So you had a fire now what?
SO you had fire. Help came and put it out. Now you have a layer of mud and soot on your floor and all over everything in your home. Even areas of the house that were not actually affected by the fire. What are your next steps. Breathe, and make sure you take care of your self. There will be a lot of things that will come up it will get stressful, overwhelming and excessive. It will all need to be done but keep in mind it does not have to be done in one day.
The first responders came and saved the day. Saved your home, lives and maybe even pets. The next call you make can be the difference between restoring vs. replacing things in your home. A timely beginning to mitigation of the soot, fire damaged areas as well as the smoke damage reduces your losses. The first 48 hours is crucial to minimizing your damages. Fire damage is especially devastating due to the fact that there is also water damage along with soot and smoke damage. Many times throughout the entire home in some fashion.
Our human brain says this needs to be cleaned up right away. Our attempts to restore order can be far more harmful than we realize. Why I am cleaning up the mess. Wiping all the counters, walls and cleaning the floor. Yet doing this improperly can cause permanent damage along with a lot of problems.
Who do you call? Who is the most important person to call after the fire is out? Where do you begin to get back to normal? What can you do to start cleaning up the mess?
Did you know that improperly cleaning any porous materials can actually push the soot deep into the material. This causes the odor to set below the surface and become permanent.
There area few things that you can do before the professionals arrive. Below is a key list of things that SHOULD be done.
Limit the movement in the home. Restricting access to the most damaged parts of the home is an essential part of not spreading the contamination.
Reduce the number of items you move around to wash and clean ( Particles will become airborne and settle in areas of the home that were not previously affected)
Use towels or old linens to line high traffic areas. Such as rugs, and walk ways and furniture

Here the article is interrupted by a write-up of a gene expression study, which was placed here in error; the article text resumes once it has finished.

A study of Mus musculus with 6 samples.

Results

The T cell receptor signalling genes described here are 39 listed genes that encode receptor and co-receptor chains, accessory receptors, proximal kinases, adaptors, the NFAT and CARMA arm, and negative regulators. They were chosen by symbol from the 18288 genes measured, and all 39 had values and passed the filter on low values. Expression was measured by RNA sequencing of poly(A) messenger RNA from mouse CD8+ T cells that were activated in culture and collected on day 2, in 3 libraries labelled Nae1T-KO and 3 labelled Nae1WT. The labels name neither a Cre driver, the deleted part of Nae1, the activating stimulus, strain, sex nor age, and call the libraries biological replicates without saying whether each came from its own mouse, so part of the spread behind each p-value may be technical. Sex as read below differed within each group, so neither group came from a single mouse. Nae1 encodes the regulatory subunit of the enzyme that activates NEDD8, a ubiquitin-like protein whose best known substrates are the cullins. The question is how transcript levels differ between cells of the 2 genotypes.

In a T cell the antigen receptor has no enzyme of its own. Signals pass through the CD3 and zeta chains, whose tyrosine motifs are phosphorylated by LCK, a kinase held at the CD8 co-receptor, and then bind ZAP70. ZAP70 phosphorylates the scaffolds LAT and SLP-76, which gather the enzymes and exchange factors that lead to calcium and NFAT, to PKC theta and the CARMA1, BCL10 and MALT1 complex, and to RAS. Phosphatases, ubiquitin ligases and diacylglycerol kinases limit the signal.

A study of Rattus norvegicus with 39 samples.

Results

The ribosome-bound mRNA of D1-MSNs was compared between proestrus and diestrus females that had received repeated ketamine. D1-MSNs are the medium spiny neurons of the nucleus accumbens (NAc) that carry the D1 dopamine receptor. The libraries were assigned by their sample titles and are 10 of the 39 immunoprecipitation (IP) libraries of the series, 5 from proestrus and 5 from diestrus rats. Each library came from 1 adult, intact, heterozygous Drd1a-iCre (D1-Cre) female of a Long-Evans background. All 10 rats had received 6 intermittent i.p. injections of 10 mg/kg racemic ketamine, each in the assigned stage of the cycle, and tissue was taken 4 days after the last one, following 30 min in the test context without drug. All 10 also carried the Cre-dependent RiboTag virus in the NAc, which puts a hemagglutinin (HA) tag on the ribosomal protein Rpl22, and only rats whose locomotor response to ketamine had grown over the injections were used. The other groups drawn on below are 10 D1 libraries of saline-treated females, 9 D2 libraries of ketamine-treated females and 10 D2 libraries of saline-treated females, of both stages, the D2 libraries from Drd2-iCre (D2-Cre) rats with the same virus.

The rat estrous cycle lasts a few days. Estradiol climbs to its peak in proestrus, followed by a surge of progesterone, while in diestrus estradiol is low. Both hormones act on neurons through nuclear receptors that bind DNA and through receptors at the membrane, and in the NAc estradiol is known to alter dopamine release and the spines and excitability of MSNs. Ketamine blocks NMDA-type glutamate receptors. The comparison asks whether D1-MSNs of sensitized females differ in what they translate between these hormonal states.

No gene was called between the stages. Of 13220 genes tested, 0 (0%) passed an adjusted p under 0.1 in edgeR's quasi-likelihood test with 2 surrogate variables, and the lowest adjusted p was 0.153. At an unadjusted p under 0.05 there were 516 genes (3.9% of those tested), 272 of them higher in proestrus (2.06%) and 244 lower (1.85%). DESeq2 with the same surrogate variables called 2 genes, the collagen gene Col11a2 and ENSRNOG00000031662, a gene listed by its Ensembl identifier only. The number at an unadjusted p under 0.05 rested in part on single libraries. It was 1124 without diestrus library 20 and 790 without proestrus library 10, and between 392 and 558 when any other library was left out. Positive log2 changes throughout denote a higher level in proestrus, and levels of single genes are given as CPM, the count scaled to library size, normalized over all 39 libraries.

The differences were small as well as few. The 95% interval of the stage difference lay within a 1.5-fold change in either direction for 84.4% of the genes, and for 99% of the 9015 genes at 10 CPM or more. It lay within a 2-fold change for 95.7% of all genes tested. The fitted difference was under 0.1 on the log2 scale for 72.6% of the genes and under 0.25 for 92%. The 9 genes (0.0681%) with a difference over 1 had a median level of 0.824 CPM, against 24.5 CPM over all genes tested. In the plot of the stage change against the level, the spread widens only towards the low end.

Coat all chrome faucets any trim countertops or appliances with Petroleum jelly or oil.
Place a barrier between all furniture legs. Wrap aluminum foil around blocks of wood to prevent absorption. Then prop up all of your furniture on the covered blocks. This will reduce the water absorption deep into the wood allowing it to dry more effectively.
Take photos of everything. If you have items that are beyond salvageability before you through them away make sure you photograph them and write a log of each item.
Documentation and Receipts
Find any receipts you have for the items lost.
If you have loss of use to your home, kitchen or bathroom areas requiring you to get a hotel room or eat out a restaurant. Make sure you keep all receipts as well a full calculation of what your normal weekly food expenses are. You will need to submit them to the company for reimbursement.
Log every call you have with all your contractors, insurance agents, adjusters and public officials. This may be needed when and if a difference in coverage allowances are presented.
Below you will find a list of things that you should not do.
DO NOT … DO NOT...
Wash any walls or painted surfaces. This will push the soot deep into he pores of the paint rendering it impossible to remove.
Shampoo anything upholstered or carpeted.
Clean any electrical equipment
Send clothing to a dry cleaner, Most do not know how to deal with soot and smoke damage. It will set the smoke deep into the fibers and will have to be tossed out.
A fire is a devastating disaster. Many times it is easy to become overwhelmed and just want to get back to normal as soon as possible. While this is the end game and the goal. Going to quickly or taking matters into your own hands can result in more of a problem.
Having a plan ahead of time and preparing for what could happen helps us all get through if something happens. Developing things like emergency evacuation routes out of the house. Collective meeting area a safe distance away from the home. Keeping an emergency bag in your car with some basics like a flashlight, blanket, toiletries and such.
Remember you do not have to go it alone. Reach out to local organizations for advice, guidance, direction and solutions. Many cities and towns have local resources. If you have pets local humane societies are a great resource for helping with your pets. Your insurance company agent and the adjuster will be able to provide you will valuable information.
Knowing who to call first, what services you will need coupled with the preparedness plan will bring you out back on top in no time.